Just another tea directory?

It’s very time-consuming these days for a retail business to keep up an online presence. It’s not enough — not even close to enough — to have a website. If you really want to promote your business and your brand, you need to worry about Facebook, Twitter, FourSquare, Google Places, Yelp, and whatever industry-specific online directories affect you. If you sell B2B (business-to-business), then you’d better be on social media sites like LinkedIn as well.

[All of those links in the prior paragraph go to my shop’s page or my page on that site. FourSquare is an exception, and I’ll be ranting about them at some point in the future.]

When I discovered, my first thought was that it was just another time sink for me. As I looked into their mobile app and realized its potential for tea lovers, though, I realized we couldn’t afford not to be listed. Now that we’ve been on there for a while, I’ve developed a dual perspective on it: from the point of view of a tea shop, and from the point of view of a consumer who’s traveling and looking for a place for a nice cup of tea. welcom screen

The welcome screen for

A Consumer Perspective

You’re on the road, traveling in unfamiliar territory and looking for a place to enjoy a cup of your favorite tea. You can fire up your portable computer, go to, and enter your destination zip code (or browse by state). You will get a list of tea shops in the area. If you allow the app access to the GPS on your phone or tablet, just fire it up and it will tell you what shops are nearby, with the distance. A map is a couple of screen taps away.

The Good

  • If the tea shop is diligent about it, there will be photos, hours, contact information, website links, and a general description. That should be enough information to decide whether it’s your kind of shop, and to get there if it is.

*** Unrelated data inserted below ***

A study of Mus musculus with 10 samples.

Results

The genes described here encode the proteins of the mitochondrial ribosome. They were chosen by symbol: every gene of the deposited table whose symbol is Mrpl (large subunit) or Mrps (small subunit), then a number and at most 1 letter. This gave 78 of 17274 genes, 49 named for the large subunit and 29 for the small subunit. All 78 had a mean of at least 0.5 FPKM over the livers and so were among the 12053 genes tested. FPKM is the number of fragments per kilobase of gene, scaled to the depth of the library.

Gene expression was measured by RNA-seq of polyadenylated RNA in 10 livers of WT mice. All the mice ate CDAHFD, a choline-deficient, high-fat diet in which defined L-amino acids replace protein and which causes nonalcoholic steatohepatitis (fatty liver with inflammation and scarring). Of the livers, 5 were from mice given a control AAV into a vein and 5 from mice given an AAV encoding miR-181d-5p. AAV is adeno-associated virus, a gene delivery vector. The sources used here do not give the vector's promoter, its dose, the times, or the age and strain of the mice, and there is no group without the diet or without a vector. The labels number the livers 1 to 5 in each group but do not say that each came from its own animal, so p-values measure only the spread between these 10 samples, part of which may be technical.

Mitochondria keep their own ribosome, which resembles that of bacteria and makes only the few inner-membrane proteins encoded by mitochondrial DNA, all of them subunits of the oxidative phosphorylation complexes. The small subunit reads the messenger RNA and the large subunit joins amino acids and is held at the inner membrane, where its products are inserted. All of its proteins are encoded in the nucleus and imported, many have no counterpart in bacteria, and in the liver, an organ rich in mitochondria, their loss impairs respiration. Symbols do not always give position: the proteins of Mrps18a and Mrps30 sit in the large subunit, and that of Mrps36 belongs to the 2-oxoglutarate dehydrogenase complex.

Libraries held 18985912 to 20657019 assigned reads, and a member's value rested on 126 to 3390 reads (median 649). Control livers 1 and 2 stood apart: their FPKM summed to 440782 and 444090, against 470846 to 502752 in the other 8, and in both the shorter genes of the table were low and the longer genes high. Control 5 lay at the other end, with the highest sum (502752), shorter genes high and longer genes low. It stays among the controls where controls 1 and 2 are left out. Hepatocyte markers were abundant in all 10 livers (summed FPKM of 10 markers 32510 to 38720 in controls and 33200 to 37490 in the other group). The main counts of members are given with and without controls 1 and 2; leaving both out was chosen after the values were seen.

• If they have events in the store, the events will be listed as well, and there’s plenty of space for lengthy descriptions of the events.
  • Visitors can leave reviews and ratings, so you can get a good idea of what to expect.

The Bad

  • There’s no process for removing old data. We wasted quite a bit of time driving to one of the shops on TeaMap only to realize it had closed two years ago. Now we know better, and we’ll call a shop on the phone before driving there.
  • Reviews are pretty scarce. In Montana, mine is the only shop that’s been reviewed. Even in Washington, which is loaded to the gills with tea houses, the majority are unrated and only one has five or more reviews (as I write this, Meadowlark Tea Room and Antiques in Vancouver has 19 reviews)
  • The ranking system they implemented seems pretty arbitrary. I can’t understand what makes one tea shop better than another for them, so I just ignored it (more on ranking below).
  • The app and Web site are a bit buggy. It’s mostly little things: if you use the site to send yourself a text message with the address of the tea shop, you’ll get a long message filled with HTML code and various gobbledegook. It’s pretty hard to find the address in the middle of all of that. search results

Search results based on ZIP code — GPS-based results from the app look similar.

A Tea Bar’s Perspective

The Good

  • Adding a listing is easy.
  • Listings are free
  • Every single thing I can do to help people discover my tea bar is good. All it takes is a few groups of travelers finding us and telling their friends about us, and whatever time I’ve spent building our listing is well worth it.
  • Unlike some other directories, TeaMap includes links out to our website, which is a big help.

The Bad

  • Their ranking system is a mystery. There’s a tea shop with no ratings at all that’s ranked higher than mine (rankings don’t appear connected to ratings or reviews). Why is that?
  • If you sell tea and teaware, it’s a bit offputting to have your listing on a competitor’s website ( is run by Adagio Tea, and ads for their products appear on your listing), but listings are free, so it’s kind of tough to complain about that.
  • Style options are kind of limited (Country, Victorian, Oriental…), and the only way to set one for your shop is to contact Adagio and have them set it for you.
  • Event names can’t exceed 20 characters. It’s tough to give an event a descriptive title in 20 characters.
  • Events have only start times; no end time.
  • Events are text-only; no pictures. info screen

Individual tea bar’s info screen.

So, is it worth the trouble to create a profile and work on keeping it up to date? I’d say definitely yes. Give it a look.

Here’s the link to my tea bar on If you’ve been to the shop, I’d sure appreciate a review. If not, I’d love to have you come and visit.

About Gary D. Robson

Gary Robson: Author, nonprofit communications consultant, and tea shop owner. I've written books and articles on many different subjects, but everyone knows me for my "Who Pooped in the Park?" books.

Posted on 21 March 2013, in Tea Biz and tagged , , , , , , , , , , . Bookmark the permalink. Leave a comment.